Destructive Conflict: Recognize It. Stop It.

Couple standing in their kitchen having a tense discussion
Where there is destructive conflict, you will often find cruelty, neglect, deception, control, indifference and even abuse.

“Danger. Pesticides. Keep people, especially children and pets away from the area being treated,” read the signs posted along the path. I swung wide to the left, being careful to lead my dog away from the toxic environment as we continued our afternoon walk. For the remainder of the walk, I found myself thinking, “Wouldn’t it be great if people came with warning signs, too? ‘Danger: Toxic Person.’ ‘Warning: Destructive Conflict Ahead.'”

In a sense, they do. Destructive conflict flows from unhealthy people and relationships. Where there is destructive conflict, you will often find a pattern of cruelty, neglect, deception, control, indifference and even abuse in the relationship. What differentiates destructive conflict from healthy disagreement is that it involves a pattern of unhealthy communication. Destructive conflict flows from individuals who consistently fail to admit their weakness, lie, rationalize, deny, apologize instead of changing their behavior, blame others instead of “owning” their part of the problem and who are defensive instead of open to feedback. Similar to ingesting poison, a steady diet of destructively conflict can kill you—emotionally, spiritually and even physically.

Just ask David .

Destructive Conflict

He is still working to overcome the damage caused by destructive conflict. Raised in a home where conflict deteriorated into emotional, verbal and even physical abuse, he grew up thinking the way he was treated was “normal.” “While in college I accepted Christ,” says David. “He helped me to forgive my abusers and brought healthy relationships into my life. Unfortunately, my abusers didn’t change; and for years I could not deal with the emotional fallout.” To overcome the damage caused by years of unhealthy conflict, David attended anger management classes at a local church, worked with a mentor, and continues to see a Christian psychologist, who is helping him apply biblical truth to his sense of self and his relationships. “My abusive family members haven’t changed,” says David. “I have.”

How to Deal with Destructive Conflict

Leslie Vernick, licensed clinical social worker and author of The Emotionally Destructive Relationship: Seeing It, Stopping It, Surviving It, works with individuals like David. She identifies three steps, based on Matthew 18:15-17, we should take when dealing with destructive conflict:

Speak up. “If your brother sins against you, go and show him his fault, just between the two of you” (Matt. 18:15 NIV). “God calls us to be peacemakers, not peacekeepers,” points out Vernick. She says pursuing peace might mean risking conflict in order to bring about a genuine peace (Ps. 34:14; Heb. 12:14 NIV). Speaking up is very different from venting, which can have negative consequences. We should speak the truth to someone in love after we have spent time praying and preparing for our time together. Approach that person in gentleness and with humility (Gal. 6:1 NIV).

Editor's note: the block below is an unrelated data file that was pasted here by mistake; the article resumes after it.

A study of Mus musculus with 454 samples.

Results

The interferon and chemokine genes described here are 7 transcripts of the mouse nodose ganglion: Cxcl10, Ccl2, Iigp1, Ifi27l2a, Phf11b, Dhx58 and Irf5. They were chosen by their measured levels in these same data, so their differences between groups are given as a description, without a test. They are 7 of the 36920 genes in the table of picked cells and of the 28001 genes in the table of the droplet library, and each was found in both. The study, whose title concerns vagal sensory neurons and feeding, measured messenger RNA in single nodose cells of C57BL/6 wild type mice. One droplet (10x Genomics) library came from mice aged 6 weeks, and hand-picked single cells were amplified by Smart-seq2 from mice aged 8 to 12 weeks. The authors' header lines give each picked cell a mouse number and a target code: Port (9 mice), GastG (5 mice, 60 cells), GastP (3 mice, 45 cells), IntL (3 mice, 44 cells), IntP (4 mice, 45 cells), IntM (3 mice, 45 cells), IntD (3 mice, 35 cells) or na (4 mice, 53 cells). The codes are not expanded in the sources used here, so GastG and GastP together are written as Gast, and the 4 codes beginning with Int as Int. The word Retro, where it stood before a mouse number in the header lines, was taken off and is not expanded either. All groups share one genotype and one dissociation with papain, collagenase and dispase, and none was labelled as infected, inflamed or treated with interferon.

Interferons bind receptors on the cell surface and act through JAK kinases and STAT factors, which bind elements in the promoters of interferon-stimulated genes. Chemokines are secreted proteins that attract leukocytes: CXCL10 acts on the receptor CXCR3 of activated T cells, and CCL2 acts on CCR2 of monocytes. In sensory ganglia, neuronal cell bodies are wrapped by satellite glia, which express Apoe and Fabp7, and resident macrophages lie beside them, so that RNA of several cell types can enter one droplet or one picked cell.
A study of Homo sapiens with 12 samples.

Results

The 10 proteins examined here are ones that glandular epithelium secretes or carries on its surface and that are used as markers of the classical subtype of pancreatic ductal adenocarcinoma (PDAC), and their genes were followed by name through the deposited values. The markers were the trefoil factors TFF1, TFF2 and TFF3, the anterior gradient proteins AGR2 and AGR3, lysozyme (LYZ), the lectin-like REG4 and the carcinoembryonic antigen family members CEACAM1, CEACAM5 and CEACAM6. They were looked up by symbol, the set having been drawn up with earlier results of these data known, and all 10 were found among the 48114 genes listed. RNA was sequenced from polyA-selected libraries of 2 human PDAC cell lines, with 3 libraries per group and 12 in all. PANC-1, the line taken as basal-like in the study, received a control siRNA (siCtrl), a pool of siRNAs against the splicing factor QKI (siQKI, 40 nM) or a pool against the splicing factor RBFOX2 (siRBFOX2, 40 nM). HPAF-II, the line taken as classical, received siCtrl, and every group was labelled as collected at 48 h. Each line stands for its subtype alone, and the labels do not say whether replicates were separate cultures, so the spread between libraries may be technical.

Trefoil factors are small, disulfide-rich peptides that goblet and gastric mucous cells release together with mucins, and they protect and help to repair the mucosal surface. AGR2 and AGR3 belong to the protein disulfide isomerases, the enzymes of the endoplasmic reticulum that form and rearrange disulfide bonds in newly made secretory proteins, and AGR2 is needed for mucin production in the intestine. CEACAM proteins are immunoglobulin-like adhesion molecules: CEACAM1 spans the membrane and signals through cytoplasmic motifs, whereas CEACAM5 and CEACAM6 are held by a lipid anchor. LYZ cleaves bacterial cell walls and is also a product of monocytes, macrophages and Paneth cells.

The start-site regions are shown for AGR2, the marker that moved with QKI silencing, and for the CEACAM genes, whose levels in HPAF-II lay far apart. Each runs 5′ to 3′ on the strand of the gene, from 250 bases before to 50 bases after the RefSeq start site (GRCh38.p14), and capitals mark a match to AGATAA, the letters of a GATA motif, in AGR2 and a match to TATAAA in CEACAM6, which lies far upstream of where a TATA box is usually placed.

Stand up. “But if he will not listen, take one or two others along, so that ‘every matter may be established by the testimony of two or three witnesses” (Matt. 18:16 NIV). God calls us to stand against sin, evil, deception, abuse and wickedness. When others are blind to their sin, God calls us to enlist the help of others. With a supportive person or church by your side, say, “I will not continue to live in fear,” “be lied to” or “be degraded.”

Step back. “If he refuses to listen even to the church, treat him as you would a pagan or a tax collector (Matt. 18:17 NIV),” says Jesus. In biblical culture, Jews did not have close, personal relationships with pagans and tax collectors. Vernick says when someone refuses to respond to our concerns, the relationship changes. “You cannot have fellowship with someone who refuses to respect your feelings, doesn’t care about you, won’t respect you and who isn’t honest.” When we step back from the relationship, it helps minimize the damage and gives the other person time to reflect on his behavior and the relationship. It sends a message that a pattern of sinful, destructive behaviors is unacceptable to us and to God.

She points out that even when we find it necessary to step back from a situation, God calls us to love. The apostle Paul says, “We bless those who curse us. We are patient with those who abuse us” (1 Cor. 4:12 NIV). And in Romans 13:10, “Love does no harm (NIV).”

As we learn to identify destructive conflict and apply God’s Word to our situations, we can minimize its damage in our lives. What’s more, we move from victim to victor, honoring God in even the most difficult of circumstances.